Professional athletes make a lot of money. Transformational money. Enough money to house, feed and educate many future generations of their family. Think Rich Uncle Pennybags in Monopoly. That’s right, flush with cash.
How they choose to spend it isn’t quite as uniform. Like in all facets of society, there are generous people and stingy people. But when an athlete is in the generous mood, it can be quite the sight because they’re capable of making things happen the common working man can only think about.
There was a fascinating column in USA Today earlier this week about Chicago White Sox starting pitcher Dallas Keuchel, the former Cy Young award winner.
He is beginning his first season with the White Sox after signing with them as a free agent. And apparently, Keuchel was looking for a way to get to know people at all levels of the organization, not just the guys sitting next to him in the clubhouse.
So, Kuechel decided to throw a party. He invited every White Sox Major Leaguer, plus clubhouse attendants, trainers, equipment managers, secretaries, bat boys, the entire coaching staff and front office to dinner.
“Well, contrary to popular belief, numbers don’t tell the whole story,” White Sox vice president Ken Williams told USA Today. “There is a human element to this game. There is a very real leadership and motivational component. And presence will always remain something that is very hard to quantify. You know it when you see it. And this guy has got it.’’
When the head count was complete, once you threw the plus-ones and children into the equation, there were 125 mouths to feed. And Keuchel took them to a pricey steakhouse near the team’s spring training site in Scottsdale, Ariz.
And it cost Keuchel $25,000. You might ask, how could he afford that? Here’s your answer: He signed a three-year, $55 million deal with the team in the off season. So that’s just over $18 million annually or $346,000 a week. But that’s really not the point.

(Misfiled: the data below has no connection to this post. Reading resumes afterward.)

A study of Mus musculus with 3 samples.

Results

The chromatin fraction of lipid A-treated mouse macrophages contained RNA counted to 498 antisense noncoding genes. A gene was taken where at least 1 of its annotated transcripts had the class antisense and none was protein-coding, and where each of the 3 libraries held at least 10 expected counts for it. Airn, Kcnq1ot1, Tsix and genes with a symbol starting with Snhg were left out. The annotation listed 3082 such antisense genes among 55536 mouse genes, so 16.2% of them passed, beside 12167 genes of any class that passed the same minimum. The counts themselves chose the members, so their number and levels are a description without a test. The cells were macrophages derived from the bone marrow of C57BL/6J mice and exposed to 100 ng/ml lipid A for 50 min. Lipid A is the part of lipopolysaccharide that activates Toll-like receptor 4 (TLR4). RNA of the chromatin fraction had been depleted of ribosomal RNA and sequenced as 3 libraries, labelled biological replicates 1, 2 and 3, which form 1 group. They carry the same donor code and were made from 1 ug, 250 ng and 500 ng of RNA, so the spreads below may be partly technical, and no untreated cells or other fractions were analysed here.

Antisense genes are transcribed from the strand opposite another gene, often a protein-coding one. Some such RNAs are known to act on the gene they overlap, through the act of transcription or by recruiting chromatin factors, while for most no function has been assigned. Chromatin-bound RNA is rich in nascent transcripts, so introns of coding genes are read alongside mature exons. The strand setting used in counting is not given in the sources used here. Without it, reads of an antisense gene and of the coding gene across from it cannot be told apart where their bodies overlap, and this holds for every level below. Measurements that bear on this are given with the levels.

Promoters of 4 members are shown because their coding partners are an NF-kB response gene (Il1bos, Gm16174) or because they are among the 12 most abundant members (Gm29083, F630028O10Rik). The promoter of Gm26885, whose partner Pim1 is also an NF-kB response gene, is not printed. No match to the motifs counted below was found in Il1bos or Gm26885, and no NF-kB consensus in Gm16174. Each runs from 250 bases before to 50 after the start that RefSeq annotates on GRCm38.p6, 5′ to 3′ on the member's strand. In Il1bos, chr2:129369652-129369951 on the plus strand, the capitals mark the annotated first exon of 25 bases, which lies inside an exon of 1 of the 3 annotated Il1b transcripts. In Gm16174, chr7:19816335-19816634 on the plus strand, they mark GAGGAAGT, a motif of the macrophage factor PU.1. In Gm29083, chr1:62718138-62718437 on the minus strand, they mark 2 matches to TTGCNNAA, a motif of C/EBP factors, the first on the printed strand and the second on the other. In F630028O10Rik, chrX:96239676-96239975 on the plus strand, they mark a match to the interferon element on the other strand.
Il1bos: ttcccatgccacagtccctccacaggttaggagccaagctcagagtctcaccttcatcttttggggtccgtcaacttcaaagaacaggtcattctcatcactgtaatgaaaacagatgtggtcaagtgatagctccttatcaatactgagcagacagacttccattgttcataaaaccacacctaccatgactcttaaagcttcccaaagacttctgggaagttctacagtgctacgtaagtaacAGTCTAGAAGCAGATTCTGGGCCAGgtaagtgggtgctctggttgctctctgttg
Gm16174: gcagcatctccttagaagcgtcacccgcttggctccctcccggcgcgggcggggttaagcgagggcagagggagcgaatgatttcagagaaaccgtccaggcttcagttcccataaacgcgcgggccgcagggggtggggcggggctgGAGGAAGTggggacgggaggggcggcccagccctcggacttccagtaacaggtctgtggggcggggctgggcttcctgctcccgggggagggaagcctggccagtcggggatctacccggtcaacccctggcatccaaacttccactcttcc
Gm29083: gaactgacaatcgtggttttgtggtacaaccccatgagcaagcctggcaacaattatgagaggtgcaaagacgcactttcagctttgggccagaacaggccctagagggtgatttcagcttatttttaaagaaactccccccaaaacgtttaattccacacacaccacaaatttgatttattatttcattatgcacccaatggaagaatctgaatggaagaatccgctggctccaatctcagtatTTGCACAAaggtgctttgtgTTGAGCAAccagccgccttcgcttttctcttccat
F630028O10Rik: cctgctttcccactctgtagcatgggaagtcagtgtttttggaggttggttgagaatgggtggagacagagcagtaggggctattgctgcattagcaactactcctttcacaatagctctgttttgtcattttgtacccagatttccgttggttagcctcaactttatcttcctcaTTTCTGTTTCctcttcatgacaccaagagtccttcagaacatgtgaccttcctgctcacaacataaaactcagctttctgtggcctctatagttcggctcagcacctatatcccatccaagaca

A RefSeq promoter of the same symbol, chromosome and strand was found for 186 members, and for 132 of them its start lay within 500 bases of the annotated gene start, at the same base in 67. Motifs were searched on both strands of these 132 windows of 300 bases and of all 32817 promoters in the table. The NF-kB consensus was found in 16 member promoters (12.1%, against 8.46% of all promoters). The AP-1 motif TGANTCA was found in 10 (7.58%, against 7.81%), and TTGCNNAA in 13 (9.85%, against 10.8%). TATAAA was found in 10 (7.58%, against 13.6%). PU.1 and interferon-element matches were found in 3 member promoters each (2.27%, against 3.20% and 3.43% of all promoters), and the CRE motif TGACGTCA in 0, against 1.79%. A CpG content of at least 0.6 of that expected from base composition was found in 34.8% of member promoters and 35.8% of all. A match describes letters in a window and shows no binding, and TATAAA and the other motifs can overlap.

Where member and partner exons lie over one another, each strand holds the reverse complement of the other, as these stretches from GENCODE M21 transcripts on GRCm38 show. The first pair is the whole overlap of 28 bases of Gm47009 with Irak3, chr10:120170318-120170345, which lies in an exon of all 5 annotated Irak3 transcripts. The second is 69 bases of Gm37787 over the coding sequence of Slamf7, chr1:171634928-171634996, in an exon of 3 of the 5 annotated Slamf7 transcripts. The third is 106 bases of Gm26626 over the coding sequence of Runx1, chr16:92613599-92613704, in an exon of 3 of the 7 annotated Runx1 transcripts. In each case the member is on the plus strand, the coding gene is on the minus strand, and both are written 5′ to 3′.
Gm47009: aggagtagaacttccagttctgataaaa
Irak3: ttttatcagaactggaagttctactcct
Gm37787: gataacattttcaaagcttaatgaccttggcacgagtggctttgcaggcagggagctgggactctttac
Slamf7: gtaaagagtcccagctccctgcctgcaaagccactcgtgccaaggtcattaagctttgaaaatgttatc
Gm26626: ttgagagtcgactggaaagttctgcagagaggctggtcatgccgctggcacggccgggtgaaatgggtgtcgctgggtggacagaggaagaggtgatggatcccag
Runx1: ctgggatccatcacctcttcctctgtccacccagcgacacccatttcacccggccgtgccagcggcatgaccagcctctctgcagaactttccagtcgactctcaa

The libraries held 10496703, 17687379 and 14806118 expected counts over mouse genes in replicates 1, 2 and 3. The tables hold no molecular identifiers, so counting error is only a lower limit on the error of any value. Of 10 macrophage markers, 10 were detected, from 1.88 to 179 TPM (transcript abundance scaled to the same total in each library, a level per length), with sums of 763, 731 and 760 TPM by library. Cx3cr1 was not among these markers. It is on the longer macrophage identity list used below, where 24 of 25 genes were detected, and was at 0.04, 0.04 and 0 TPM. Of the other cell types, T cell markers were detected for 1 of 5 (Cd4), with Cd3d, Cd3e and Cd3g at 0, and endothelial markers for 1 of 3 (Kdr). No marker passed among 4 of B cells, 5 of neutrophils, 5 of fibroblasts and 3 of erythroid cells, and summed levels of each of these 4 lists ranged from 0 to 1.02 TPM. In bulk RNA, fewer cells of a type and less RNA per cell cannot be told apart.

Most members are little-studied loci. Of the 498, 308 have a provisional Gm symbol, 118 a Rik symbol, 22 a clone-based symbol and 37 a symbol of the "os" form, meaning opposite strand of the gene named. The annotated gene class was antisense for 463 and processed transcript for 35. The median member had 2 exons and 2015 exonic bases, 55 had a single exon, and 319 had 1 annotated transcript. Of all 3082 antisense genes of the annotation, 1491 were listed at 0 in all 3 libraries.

“Man, that was unbelievable,’’ White Sox shortstop Tim Anderson told USA Today. “That definitely helps team chemistry, letting you know the bond we have, and that we’re cool with each other. It says a lot about the man for doing that.’’
“I just think it was a good opportunity to get to know some of the guys away from the field,” Keuchel told MLB.com. “You go on throughout your day, sometimes it’s hard to put a face to a name or a name to a face. And it was just nice to kind of get everybody out together.”
His original thought was to just invite pitchers and catchers. But then he was caught up in the wave.
“But then I was like, well, I don’t really know a whole lot of people, so let’s get to know some of these Minor League guys and just kind of give them a taste of what a big league dinner is all about,” Keuchel said.
The night began with a toast delivered by Keuchel’s mother. And she got right to the point.
“Playoffs or die, (expletive)!’’
The restaurant had almost a week’s notice to prepare. They offered a smaller menu to better handle the crowd and Keuchel provided an open bar and all the wine anyone wanted to drink.
Other pro athletes have been known for their generosity. Aaron Rodgers bought his offensive linemen 55-inch LED television. Soccer player Cristiano Ronaldo gifted $10,000 watches. And in 2007, Tom Brady bought his linemen Audi SUVs that cost around $43,000 each.
When the time and the mood are right, there’s no telling how generous an athlete can be with their teammates. But what set Keuchel’s gift apart was that he extended it to many others in the organization.
“That was super cool,’’ starter Lucas Giolito told USA Today. “I mean, this wasn’t a team dinner, it was an organizational dinner. I’ve never seen anything like that in my experience in professional baseball. He sent a message that guys being close off the field, as well as on it, can go a long way.’’
This is an important season for the White Sox. They’ve been to the playoffs only once since winning the 2005 World Series. And management seemingly is all in this season, the signing of Keuchel, Yasmani Grandal, Edwin Encarnacion and Jose Abreu the centerpieces in a winter of investment nearing $270 million.
“I tell guys that reaching the postseason is the most seducing feeling you’ll ever get,’’ Keuchel said. “Once you get one playoff experience in, it’s addicting. I’ve made the playoffs four of the last five years. I told (GM) Rick Hahn I personally don’t plan on breaking that percentage.’’
And in the process of trying to build rapport for the long season, Keuchel decided to devote one really special night to show everyone in the White Sox organization just how happy he is to be there.
“It was a great evening,” White Sox manager Rick Renteria told the Chicago Tribune. “Everybody shared their thankfulness that he … and his family would take the time to be part of the whole organization, getting us together and embracing the White Sox family. He’s been around, he’s done some really good things. I have never seen that before, but it worked very well with everyone and I think everybody appreciated it.”